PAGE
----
Jane Cafarella has four decades experience as a journalist, playwriter and cartoonist. For 10 years, she worked as a sub-editor, section editor and columnist for The Age, before establishing her own consultancy.
My own lessons in local government took years to learn, but chief among them was that the relationship between the media and local government is not as adversaries, but partners.
The keys to productive relationships between local government and the media today are still – education, communication and understanding.
When journalists understand some of the social, political and economic evolution of local government, when they understand how communities work and the role of their own paper in their community, they begin to be better judges of what is really news and to write more informed reports.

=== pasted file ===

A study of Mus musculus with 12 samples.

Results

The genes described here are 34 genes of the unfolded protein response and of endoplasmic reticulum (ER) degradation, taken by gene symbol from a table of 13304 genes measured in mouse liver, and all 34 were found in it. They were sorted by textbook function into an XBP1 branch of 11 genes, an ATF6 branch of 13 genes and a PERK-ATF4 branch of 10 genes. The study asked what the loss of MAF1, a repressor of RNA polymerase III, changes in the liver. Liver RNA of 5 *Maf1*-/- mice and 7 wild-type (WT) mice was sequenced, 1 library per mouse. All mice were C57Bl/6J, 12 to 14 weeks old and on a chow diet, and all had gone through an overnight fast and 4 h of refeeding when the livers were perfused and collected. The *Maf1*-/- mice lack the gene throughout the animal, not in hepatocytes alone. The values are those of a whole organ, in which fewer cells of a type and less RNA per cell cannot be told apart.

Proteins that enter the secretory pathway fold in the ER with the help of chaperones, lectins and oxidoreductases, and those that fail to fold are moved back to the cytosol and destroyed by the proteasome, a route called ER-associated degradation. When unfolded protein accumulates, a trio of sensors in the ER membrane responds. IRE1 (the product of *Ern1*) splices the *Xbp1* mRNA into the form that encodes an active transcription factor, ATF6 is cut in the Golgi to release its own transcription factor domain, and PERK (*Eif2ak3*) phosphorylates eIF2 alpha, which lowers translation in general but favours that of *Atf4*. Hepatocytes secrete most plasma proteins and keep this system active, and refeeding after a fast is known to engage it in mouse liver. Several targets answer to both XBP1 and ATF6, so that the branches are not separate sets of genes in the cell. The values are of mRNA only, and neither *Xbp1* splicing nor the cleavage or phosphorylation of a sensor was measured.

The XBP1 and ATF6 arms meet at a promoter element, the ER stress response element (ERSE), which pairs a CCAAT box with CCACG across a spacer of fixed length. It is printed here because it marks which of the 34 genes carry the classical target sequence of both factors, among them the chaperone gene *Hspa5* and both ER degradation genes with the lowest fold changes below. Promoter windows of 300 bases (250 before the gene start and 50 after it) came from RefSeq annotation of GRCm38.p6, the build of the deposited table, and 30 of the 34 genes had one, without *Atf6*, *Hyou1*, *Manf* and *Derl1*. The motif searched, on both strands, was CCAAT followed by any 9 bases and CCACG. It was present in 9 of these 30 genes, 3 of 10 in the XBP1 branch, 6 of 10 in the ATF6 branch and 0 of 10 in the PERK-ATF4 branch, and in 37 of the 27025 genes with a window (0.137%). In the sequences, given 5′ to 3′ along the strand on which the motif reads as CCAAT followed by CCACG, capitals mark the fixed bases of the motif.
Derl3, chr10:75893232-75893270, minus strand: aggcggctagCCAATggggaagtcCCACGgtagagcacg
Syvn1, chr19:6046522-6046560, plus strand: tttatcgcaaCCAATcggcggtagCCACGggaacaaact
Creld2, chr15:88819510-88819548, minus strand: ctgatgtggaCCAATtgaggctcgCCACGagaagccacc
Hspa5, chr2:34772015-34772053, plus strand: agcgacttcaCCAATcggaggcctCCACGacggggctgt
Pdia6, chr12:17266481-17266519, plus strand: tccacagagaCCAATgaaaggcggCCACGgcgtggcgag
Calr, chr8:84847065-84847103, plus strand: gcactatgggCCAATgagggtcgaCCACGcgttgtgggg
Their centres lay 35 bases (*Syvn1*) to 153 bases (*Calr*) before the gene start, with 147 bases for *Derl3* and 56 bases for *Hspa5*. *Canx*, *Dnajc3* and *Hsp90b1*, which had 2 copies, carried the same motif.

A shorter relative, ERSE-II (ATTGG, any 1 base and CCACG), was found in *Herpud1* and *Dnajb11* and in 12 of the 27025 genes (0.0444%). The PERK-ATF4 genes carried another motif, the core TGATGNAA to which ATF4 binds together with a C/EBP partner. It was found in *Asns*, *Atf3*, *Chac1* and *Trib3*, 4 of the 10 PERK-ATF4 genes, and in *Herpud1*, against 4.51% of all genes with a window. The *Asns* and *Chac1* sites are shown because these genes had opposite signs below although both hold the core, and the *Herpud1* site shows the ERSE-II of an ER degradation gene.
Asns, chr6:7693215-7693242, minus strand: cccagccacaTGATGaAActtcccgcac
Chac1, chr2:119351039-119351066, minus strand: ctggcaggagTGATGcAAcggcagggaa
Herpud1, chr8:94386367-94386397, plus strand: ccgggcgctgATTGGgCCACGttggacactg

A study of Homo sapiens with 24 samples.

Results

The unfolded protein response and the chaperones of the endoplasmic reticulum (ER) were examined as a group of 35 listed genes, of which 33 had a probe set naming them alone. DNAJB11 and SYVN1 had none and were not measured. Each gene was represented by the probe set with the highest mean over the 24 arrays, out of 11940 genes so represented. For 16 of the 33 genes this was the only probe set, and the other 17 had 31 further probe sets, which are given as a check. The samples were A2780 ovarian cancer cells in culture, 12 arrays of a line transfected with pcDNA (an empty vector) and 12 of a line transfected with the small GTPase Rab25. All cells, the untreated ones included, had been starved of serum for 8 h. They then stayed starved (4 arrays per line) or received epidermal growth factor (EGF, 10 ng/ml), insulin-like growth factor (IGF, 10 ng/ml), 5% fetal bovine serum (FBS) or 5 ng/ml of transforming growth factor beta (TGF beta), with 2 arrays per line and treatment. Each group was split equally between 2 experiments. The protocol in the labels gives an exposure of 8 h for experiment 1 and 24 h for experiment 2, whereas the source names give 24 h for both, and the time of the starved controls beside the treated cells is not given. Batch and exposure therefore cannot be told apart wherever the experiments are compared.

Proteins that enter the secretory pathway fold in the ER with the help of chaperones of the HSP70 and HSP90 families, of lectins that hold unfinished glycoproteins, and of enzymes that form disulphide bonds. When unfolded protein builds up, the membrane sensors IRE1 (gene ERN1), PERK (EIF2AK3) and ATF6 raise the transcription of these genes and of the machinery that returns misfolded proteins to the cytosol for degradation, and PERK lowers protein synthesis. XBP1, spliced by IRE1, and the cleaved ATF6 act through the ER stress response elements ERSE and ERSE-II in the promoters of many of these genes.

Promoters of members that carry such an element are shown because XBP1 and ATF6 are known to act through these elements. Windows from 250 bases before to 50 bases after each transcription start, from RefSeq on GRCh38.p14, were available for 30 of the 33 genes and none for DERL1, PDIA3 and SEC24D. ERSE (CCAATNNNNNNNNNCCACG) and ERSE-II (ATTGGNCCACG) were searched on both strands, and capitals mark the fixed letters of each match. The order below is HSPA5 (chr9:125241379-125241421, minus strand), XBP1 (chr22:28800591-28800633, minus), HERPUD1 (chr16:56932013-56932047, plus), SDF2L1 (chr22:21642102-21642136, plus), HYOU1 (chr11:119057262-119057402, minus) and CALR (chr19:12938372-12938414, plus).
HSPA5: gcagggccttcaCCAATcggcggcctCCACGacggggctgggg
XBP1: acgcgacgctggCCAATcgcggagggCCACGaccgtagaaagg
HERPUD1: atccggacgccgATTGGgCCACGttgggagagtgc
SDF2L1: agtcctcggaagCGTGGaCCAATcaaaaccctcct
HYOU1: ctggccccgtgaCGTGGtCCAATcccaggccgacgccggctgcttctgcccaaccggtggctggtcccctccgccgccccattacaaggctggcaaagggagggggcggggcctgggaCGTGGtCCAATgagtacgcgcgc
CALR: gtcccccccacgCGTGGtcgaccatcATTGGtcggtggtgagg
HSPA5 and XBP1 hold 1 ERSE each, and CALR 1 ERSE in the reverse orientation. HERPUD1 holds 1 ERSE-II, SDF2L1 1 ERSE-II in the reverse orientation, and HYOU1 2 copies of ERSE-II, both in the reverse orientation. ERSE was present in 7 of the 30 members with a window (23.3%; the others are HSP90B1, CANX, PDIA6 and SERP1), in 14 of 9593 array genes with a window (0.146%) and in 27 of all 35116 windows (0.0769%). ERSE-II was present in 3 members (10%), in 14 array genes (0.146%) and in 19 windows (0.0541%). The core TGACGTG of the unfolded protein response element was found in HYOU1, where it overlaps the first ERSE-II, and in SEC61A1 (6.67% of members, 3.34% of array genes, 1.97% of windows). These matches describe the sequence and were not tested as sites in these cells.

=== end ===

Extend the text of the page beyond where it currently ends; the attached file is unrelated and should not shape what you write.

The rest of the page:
When councils understand the role of the local paper, the social, political and economic history of local media and the importance of deadlines and access to informed sources, they begin to get better reports written about them.
In short, both the reporters and the councils begin to understand that this is a partnership not a re-enactment of the Cold War.
Understanding each other’s roles and needs does not mean that, from then on every report is positive. Councils must understand that just as the council is there to act on behalf of residents and ratepayers, the reporter is there to act on behalf of the reader.
Communication between journalists and councillors is made especially difficult by the fact that all councillors, and council officers in particular, seem to speak another language. Let me illustrate this by referring to the ‘Jargon Immunisation Program’, where journalists learn that “a series of information sessions” are actually meetings, and that “the initial preferred location” means the previous site.